Hinton, Barry T.
Professor, Cell Biology
- BS, Biochemistry and Pharmacology, University of East London
- PhD, Reproductive Biology, The Babraham Institute
Morphogenesis of the Developing Wolffian/Epididymal duct
Wolffian/Epididymal duct Morphogenesis.
The formation of tubes is a fundamental biological process during the genesis of many organs, for example, kidney, intestine, brain, heart, and lungs. In fact, very few organs do not form tubular structures at some point in their development. Formation of the tubular structure is then followed by unique morphogenic events in each organ to generate their final adult structure. The morphogenesis of the Wolffian/epididymal duct is unusual in that it exhibits a unique pattern in that it forms a simple tube and then systematically elongates and coils dramatically. Surprisingly, the fully developed epididymis is 1.2 meters long in the mouse, 3 meters long in the rat and a remarkable 6 meters long in the human. The goal of this laboratory is to understand the mechanisms by which this important biological tube elongates and coils because without a fully developed and functional epididymis, male infertility will result. We are especially interested in the contribution of cell proliferation and cell rearrangements towards duct elongation. Data obtained from using mice that are null for protein tyrosine kinase 7 supports the hypothesis that cell rearrangements are under the regulation of the planar cell polarity/non-canonical Wnt pathway.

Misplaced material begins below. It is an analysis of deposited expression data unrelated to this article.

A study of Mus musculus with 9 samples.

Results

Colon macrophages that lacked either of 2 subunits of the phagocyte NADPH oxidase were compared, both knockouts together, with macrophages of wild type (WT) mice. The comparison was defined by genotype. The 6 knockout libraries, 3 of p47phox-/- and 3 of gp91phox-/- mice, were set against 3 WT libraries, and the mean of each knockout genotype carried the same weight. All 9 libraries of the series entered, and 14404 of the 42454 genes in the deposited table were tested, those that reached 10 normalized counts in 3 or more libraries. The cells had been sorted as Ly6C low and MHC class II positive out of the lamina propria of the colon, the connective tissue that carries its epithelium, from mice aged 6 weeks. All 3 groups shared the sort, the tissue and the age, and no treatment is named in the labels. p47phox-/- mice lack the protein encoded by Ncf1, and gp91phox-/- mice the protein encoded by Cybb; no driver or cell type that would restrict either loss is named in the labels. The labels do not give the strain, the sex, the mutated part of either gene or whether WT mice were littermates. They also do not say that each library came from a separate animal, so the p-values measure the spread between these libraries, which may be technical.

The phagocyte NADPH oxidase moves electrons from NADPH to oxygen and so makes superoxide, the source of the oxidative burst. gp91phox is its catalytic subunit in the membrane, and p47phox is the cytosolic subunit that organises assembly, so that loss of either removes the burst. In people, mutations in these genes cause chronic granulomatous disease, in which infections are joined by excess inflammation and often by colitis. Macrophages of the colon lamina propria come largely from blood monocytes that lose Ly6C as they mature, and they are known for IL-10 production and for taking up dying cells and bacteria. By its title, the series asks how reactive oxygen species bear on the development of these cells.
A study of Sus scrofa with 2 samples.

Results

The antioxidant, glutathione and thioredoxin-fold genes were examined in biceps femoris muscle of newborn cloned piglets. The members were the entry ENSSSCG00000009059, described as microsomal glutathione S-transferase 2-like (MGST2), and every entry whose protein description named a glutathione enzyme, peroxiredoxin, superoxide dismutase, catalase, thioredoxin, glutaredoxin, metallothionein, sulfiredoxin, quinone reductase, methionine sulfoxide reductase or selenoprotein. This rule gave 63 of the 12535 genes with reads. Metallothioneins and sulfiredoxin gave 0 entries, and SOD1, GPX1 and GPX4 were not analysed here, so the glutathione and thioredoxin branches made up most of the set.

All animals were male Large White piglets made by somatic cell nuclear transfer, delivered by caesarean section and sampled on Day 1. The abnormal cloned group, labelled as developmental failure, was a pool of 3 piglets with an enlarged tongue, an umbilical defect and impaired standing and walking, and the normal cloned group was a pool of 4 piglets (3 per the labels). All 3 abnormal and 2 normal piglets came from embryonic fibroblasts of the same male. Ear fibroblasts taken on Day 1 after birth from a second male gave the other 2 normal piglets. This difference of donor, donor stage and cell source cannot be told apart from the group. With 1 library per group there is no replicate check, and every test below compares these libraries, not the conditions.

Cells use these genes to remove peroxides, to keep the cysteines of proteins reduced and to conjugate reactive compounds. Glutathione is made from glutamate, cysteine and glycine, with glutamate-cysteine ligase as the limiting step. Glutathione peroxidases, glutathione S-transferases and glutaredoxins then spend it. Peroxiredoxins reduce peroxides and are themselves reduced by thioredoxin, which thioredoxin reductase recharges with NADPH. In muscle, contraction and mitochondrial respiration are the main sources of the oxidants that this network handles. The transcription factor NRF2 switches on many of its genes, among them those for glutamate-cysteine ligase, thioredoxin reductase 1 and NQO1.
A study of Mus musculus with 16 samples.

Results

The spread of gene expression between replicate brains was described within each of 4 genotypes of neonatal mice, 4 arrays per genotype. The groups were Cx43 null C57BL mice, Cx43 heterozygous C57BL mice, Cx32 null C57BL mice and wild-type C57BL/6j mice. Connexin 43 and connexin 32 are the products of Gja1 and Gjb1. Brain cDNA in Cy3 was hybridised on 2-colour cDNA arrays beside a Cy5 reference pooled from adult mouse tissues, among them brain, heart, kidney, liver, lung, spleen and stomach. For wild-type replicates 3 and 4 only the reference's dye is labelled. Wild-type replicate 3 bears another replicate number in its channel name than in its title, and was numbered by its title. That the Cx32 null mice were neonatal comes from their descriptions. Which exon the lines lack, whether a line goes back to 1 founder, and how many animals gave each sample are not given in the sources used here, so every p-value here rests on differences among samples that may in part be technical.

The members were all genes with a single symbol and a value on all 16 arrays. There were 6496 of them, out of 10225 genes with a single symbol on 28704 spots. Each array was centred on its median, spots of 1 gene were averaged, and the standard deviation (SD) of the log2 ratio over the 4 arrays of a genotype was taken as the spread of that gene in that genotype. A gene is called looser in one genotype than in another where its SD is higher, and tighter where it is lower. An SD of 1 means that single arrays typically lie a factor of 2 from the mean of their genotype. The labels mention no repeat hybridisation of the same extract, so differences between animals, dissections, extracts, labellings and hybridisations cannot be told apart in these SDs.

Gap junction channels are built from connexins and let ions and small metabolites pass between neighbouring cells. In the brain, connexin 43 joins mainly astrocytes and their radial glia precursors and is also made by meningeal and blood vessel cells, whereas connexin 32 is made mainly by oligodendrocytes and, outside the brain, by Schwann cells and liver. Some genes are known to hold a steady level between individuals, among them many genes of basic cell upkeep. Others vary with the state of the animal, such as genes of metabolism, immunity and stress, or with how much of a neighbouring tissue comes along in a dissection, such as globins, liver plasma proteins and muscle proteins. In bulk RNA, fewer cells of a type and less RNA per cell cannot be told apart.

We are also examining the regulation of cell proliferation and cell differentiation in the initial segment, the most proximal region of the epididymis. The failure of this region to develop properly results in male infertility. Interestingly, the epididymis rarely succumbs to cancer, and it is not clear how this is achieved. Testicular luminal fluid growth factors, e.g. FGFs, maintain high activities of the components of the MAPK pathway, especially pMAPK1/3, during postnatal development, which in turn maintains cell proliferation during this developmental period. Using a conditional knockout approach, we have examined the role of the tumor suppressor, Phosphatase and Tensin Homolog (PTEN) in the initial segment. We have discovered that PTEN is crucial for the development of cell differentiation and therefore, male fertility. Loss of PTEN did not result in cancer of the epididymis.